As open enrollment draws closer, the pressure to make benefits decisions for your employees becomes paramount. Beyond the main choices between various carriers and levels of plans, another factor to consider is whether or not to offer an HSAs and FSAs.
As we mentioned in our previous post, approximately 90% of employees default to the benefit plan they’ve always had, despite annual changes in cost, coverage, or quality. With this in mind, it’s important as an employer to have a handle on how employees can take advantage of HSAs or FSAs, in order to educate them accordingly.
Health Savings Accounts (HSAs) are designed to help people pay for out-of-pocket medical expenses that aren’t covered by their insurance. To be eligible for HSAs, participants must have a High Deductible Health Plan (HDHP), defined as a minimum of $1,300 for individuals and $2,600 for families.
The biggest advantage to having an HSA is it allows people to use their money more productively; contributions are tax-free, which not only means their dollar goes further than a post-tax dollar, but it also lowers their taxable income at the end of the year.
There are limits to how much you can contribute any given year (in 2016, this limit is $3,350 for individuals and $6,750 for families, with a $1,000 catch-up contribution for people between the ages of 55 and 65). Any unused balance is rolled over into the next year. Another excellent advantage to an HSA plan is that it can be invested in stocks and bonds (for this reason, many people use it as another retirement account).
An employee is able to withdraw money from the account for nonmedical expenses, but this will incur a 10% penalty. Finally, if your employee is terminated for any reason, the HSA plan is 100% employee-owned, so it follows them even after they move on to another job.
Flexible Spending Accounts (FSAs) offer the same tax-free benefits to employees, but with a few differences. This kind of account is helpful for employees if your healthcare plans are not high deductible, as there is no HDHP eligibility requirement like HSAs.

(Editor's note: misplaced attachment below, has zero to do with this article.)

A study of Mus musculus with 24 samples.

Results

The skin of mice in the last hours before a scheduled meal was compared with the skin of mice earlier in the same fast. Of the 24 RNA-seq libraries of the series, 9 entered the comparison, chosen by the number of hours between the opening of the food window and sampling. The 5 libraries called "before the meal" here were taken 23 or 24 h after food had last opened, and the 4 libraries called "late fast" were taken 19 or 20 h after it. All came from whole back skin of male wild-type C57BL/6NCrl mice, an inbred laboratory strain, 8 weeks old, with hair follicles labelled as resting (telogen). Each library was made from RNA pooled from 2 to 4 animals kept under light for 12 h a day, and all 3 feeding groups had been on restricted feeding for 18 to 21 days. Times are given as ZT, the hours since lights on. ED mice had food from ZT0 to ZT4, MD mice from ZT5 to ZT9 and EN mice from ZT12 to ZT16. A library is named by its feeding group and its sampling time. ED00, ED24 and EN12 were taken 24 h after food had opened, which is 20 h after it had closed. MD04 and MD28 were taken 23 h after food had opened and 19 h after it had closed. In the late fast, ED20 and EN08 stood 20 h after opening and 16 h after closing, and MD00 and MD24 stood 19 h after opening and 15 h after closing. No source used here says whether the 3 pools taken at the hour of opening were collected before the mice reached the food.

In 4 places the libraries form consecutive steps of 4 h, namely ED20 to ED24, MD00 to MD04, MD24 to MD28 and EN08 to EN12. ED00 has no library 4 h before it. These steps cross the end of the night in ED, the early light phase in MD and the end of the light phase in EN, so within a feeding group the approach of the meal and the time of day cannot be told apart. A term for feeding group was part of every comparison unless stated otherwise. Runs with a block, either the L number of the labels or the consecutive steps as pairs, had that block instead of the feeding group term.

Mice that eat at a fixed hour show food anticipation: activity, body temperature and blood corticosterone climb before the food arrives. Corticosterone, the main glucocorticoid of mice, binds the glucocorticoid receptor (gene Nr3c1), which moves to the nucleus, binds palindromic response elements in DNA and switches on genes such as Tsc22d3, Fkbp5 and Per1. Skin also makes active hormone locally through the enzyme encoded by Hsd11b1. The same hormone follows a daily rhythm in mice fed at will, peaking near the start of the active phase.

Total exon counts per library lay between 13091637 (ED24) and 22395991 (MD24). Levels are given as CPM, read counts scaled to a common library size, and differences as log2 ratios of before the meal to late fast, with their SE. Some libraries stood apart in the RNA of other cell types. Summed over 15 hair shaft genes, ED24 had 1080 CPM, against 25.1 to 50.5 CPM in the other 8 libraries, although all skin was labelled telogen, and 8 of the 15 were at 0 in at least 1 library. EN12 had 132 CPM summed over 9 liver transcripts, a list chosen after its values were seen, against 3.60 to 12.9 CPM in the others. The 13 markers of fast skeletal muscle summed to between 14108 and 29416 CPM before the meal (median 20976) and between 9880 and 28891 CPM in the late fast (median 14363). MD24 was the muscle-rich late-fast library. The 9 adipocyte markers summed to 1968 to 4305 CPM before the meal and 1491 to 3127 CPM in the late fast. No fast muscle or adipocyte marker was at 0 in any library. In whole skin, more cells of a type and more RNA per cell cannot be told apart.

An FSA is an employer-owned account. Employees choose how much they want to contribute during open enrollment and must stick to that amount (unlike HSAs; the contributions for which can be adjusted at any time). Contributions are still pre-tax, but are limited to $2,550.
An important detail to educate your employees on is the fact that unused contributions over $500 do not roll over into the new year. This use-it-or-lose-it element means that they must carefully estimate how much they’ll need to cover any deductible, medication costs, doctor visits and surgeries, all at the beginning of the year.
Finally, because these are employer-owned accounts, the employee loses any unused contributions if they leave.
It depends. HSAs offer the least amount of management effort for an employer, as well as the highest limits for the employees should they need to put their pre-tax dollars to hard work. But if you don’t offer a HDHP for your employees, they won’t be eligible, which is when an FSA account would be favorable.
FSA accounts require more management on the part of the employer, but since employees lose out on any money over $500 they don’t use, that money goes back to the employer at the end of the year. Per Internal Revenue regulations, this money can be used in two possible ways: either they can use it to cover benefits administration fees, or they can divide it evenly between eligible employees.
Do you have to have an HSA or FSA set up for your employees? No, it’s not required. But it is a competitive and advantageous benefit perk to offer. It provides a little bit more peace of mind to your employees, helping them better manage any medical expenses. This means better chances of staying healthy and maintaining high productivity in the workplace.
Setting up HSAs or FSAs for your employees doesn’t have to be a headache. Get some more insight and plan for your company’s future by contacting us today.